US military successfully tests components for hypersonic weapons development
A sounding rocket fired from the National Aeronautics and Space Administration (NASA) Wallops Flight Facility this week has successfully tested 11 different components to be used in hypersonic weapon development, a press release from the U.S. Navy has confirmed.
Sounding rockets fill a critical gap between ground testing and full system flight testing. The relatively lower cost of deploying a sounding rocket allows for frequent flight tests to help gather critical data for weapons development.
The flight was executed by the Sandia National Laboratory (SNL). It was part of the second High Operational Tempo for Hypersonics flight campaign carried out collaboratively by the Navy Strategic Systems Programs (SSP) and the Army Hypersonic Project Office (AHPO). The first flight was conducted in October 2021, and with the successful completion of the second flight campaign, the SSP and AHPO are on schedule to field a hypersonic weapon by 2023, the press release said.
The race for hypersonic weapons
Hypersonic weapons are considered the next frontier of the weapons race where the projectile can travels at speeds five times that of sound, while also being able to maneuver themselves mid-flight, evading air defenses with ease.
The U.S. military has been a laggard in this area after adversaries like China and Russia have successfully deployed full-flight systems, with the latter even claiming to have used them in its conflict with Ukraine.
The U.S. has multiple programs under various departments to develop its hypersonic weapons, and some have begun to bear fruit now. We might still be a fair distance away from seeing their full flights; however, the good news is that tests are no longer failing.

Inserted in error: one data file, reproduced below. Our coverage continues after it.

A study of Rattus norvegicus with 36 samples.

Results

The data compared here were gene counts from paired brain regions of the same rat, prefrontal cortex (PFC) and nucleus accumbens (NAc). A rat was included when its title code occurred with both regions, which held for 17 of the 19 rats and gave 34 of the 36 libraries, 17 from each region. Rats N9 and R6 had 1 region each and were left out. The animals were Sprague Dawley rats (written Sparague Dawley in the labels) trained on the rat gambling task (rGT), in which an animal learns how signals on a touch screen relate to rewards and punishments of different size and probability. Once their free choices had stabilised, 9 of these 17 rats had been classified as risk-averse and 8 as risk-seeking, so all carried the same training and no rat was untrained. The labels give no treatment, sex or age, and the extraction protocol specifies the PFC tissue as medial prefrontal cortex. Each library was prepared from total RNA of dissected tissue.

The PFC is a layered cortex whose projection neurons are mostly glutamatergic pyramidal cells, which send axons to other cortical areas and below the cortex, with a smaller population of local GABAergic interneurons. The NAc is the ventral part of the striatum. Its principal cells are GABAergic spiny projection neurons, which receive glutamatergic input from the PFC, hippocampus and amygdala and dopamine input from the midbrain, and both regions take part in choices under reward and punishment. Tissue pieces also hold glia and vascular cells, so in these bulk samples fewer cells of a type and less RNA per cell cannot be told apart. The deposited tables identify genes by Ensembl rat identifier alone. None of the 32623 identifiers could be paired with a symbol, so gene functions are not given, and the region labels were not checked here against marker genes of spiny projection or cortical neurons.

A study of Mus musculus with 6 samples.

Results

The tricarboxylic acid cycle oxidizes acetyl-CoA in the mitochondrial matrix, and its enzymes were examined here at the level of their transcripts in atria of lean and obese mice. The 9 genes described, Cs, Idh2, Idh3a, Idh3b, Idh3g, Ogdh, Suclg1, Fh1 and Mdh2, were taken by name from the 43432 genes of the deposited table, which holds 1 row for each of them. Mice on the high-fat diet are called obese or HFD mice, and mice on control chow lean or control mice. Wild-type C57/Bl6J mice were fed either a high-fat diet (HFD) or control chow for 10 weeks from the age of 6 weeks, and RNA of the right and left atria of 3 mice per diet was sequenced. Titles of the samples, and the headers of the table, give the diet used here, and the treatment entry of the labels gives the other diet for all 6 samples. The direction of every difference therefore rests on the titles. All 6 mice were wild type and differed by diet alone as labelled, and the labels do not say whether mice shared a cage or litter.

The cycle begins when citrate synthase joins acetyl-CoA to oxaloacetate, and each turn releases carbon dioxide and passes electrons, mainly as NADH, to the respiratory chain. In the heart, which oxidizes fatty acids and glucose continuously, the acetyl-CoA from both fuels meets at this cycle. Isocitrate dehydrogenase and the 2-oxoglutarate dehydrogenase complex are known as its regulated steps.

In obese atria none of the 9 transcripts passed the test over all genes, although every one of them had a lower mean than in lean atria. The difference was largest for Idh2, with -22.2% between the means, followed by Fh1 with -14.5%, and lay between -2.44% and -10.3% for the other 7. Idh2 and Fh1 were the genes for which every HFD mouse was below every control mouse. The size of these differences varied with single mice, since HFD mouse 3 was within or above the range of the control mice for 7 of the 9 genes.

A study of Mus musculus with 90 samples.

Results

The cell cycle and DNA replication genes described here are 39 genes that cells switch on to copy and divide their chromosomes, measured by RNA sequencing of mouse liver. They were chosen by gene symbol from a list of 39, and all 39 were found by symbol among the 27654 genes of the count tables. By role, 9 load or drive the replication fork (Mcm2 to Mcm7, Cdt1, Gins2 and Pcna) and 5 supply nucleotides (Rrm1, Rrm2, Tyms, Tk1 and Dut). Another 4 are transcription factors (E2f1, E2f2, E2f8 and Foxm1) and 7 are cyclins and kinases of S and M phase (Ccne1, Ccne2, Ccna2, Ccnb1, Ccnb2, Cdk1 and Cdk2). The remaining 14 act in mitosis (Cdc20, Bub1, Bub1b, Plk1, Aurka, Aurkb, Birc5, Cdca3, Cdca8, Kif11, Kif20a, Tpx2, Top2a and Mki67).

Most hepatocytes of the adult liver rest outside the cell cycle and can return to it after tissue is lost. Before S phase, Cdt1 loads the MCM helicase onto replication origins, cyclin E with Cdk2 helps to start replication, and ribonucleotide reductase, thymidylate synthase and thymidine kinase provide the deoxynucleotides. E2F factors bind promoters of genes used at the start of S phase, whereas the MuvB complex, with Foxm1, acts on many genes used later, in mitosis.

Following the successful test this week, the program plans to launch a second rocket this week which will test a set of 13 different components that will then be used to design the hypersonic weapon.
Pentagon's approach to hypersonic missile development
The recently concluded rocket test saw the participation of a wide spectrum of organizations ranging from Johns Hopkins University/Applied Physics Laboratory, MITRE, and Oak Ridge National Laboratory to several defense contractors.
The data from the experimental payloads tested in a "realistic hypersonic environment" is collected by the Missile Defense Agency (MDA) and preliminary analysis showed that data across all parameters were successfully recorded, CNN reported. The test data will be used to inform the development of the U.S. Navy's Conventional Prompt Strike (CPS) and the U.S. Army's Long Range Hypersonic Weapon (LRHW) offensive weapons.
As per the press release, the CPS program has multiple Technology Insertion points that allow the hypersonic weapon technology to evolve even after it is deployed. The October 2021 test demonstrated a technology that was deemed mature enough to be incorporated in the next Technology Insertion.
Each of these steps are vital in the development of the U.S. Navy's hypersonic missile, which will feature a Common Hypersonic Glide Body (CHGB) and booster which will be fielded by both the Navy as well as the U.S. Army using their own weapon systems and launchers, the press release said.
A new understanding could finally "guide the way towards higher-performing [solid-state] batteries of the future."